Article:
I am currently in Israel with my family, visiting cousins and spending quality time with my parents and brother for the most part, but also enjoying queer life in Tel Aviv. Upon arriving in Tel Aviv, I began to search for queer events to attend, and was very happy to find Rogatka, a collective, volunteer-run space that has been in existence for over two years here in Tel Aviv. Rogatka is a small space that resembles a black box theater with a raised stage, folding chairs, a projector, a small bar area, and many friendly Israeli queer folks. They host a weekly brunch on Saturday mornings which is family friendly (i.e. I can invite my parents) as well as frequent performances, lectures, and film screenings. During my two weeks here in Tel Aviv there are five or six different events happening at the space, including a drag show, a workshop on blogging for the transgender community, a punk show, and of course the weekly vegan brunches.
One interesting aspect of the space is that they have become a frequent venue for straight punk shows, which has led to some outreach to a community that has not been particularly aware of queer issues before Rogatka opened. There is a large sign on the front door in Hebrew and English explaining that Rogatka is a safe space where there is no tolerance for hate speech. It goes on to specifically identity homophobic and transphobic language, as well as uninvited touching, as unacceptable. I heard from one queer collective member that she has seen many straight punks read the sign with a puzzled look on their faces, which she interpreted as their first encounter with such concepts. This has been a great opportunity for the Rogatka community to affect change in larger Israeli society through their use as a venue for non-queer shows.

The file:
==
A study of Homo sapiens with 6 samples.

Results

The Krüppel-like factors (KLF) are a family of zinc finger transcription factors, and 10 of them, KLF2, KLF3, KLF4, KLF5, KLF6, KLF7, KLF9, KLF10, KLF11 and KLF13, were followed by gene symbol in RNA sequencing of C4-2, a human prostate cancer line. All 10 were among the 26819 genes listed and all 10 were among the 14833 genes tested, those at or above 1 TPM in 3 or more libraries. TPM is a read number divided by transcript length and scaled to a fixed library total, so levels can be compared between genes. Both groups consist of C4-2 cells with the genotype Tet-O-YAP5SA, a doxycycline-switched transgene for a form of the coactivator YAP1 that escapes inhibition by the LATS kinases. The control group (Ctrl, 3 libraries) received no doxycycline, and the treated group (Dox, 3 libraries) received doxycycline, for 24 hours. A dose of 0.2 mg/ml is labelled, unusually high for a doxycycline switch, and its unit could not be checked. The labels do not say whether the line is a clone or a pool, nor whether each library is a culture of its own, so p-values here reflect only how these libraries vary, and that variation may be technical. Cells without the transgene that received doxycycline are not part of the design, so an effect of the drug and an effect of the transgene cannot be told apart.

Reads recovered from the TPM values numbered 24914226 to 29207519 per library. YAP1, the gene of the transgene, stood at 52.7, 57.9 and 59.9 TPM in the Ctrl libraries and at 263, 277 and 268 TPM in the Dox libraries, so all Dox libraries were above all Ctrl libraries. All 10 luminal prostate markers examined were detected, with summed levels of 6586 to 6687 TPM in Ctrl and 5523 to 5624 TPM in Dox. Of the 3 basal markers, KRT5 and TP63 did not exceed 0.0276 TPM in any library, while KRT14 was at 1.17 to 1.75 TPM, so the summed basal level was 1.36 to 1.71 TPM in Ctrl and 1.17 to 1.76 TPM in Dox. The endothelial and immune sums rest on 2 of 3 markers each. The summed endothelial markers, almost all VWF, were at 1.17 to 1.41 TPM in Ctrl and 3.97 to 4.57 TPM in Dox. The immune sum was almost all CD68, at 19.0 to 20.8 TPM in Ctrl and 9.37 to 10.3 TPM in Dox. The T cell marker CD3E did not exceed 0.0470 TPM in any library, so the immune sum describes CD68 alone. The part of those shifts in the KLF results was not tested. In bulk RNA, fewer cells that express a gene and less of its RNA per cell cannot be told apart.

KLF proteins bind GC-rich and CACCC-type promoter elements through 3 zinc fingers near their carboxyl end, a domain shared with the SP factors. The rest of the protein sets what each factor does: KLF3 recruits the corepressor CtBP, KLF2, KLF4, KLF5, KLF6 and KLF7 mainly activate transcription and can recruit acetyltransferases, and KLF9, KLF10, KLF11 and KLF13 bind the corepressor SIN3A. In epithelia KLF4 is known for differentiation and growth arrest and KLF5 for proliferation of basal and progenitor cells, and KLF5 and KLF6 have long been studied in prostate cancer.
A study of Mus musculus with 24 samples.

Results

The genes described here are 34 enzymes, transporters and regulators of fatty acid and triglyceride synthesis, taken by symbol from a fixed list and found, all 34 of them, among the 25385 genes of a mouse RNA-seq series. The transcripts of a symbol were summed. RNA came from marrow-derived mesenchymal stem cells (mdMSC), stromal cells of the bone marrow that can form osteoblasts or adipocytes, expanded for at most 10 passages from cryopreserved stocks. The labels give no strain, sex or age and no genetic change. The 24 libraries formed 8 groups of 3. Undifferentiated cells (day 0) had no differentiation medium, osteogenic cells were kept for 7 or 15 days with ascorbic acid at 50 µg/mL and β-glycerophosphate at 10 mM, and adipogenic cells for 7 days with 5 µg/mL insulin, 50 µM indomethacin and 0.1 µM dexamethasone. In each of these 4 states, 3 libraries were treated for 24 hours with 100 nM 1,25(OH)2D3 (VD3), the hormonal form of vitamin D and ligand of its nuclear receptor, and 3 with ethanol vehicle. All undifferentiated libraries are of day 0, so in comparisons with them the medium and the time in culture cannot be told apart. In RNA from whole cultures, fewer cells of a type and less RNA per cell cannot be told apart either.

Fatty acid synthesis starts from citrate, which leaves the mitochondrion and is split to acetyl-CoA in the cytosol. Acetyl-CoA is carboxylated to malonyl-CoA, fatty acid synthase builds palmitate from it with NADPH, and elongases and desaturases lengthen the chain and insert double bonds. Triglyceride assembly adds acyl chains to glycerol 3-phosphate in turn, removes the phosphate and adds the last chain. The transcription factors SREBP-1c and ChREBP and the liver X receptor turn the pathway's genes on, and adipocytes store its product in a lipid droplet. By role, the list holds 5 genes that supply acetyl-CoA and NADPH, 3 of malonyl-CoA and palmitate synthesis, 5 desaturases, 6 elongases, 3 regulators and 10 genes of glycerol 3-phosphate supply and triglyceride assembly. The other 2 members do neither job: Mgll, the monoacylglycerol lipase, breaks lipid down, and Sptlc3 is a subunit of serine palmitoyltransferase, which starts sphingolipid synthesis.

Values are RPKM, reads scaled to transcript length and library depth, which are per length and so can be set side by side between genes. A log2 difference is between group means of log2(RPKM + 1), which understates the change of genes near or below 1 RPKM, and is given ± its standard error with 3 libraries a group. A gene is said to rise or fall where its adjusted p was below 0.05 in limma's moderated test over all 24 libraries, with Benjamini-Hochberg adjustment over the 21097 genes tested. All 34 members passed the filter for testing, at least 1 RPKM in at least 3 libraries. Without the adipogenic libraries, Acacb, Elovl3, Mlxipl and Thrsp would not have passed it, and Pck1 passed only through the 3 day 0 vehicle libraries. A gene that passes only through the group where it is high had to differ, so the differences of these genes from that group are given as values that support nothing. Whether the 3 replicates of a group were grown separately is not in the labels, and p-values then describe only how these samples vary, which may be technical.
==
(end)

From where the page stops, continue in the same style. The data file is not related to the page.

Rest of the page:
There are currently 11 members of the collective, which is able to afford the space through selling alcohol at their events and by charging very low admissions for shows and for the Saturday brunches - usually around $5. The organizers and event attendees are incredibly friendly, and my partner and I were immediately invited to dinner at someone’s house, offered a ride back from the space after the event, and I was even asked to perform at an upcoming show. One of my favorite things about being queer, much like being Jewish, is the immediate sense of community that you have when you meet other folks who share your identity. I am not particularly interested in going to bars, which can often be the only place to find queer communities, so I am so excited that Rogatka exists, and that I was able to attend a workshop and meet people interested in art and politics rather than at a bar.
For more information about Rogatka, click here to visit them on Facebook.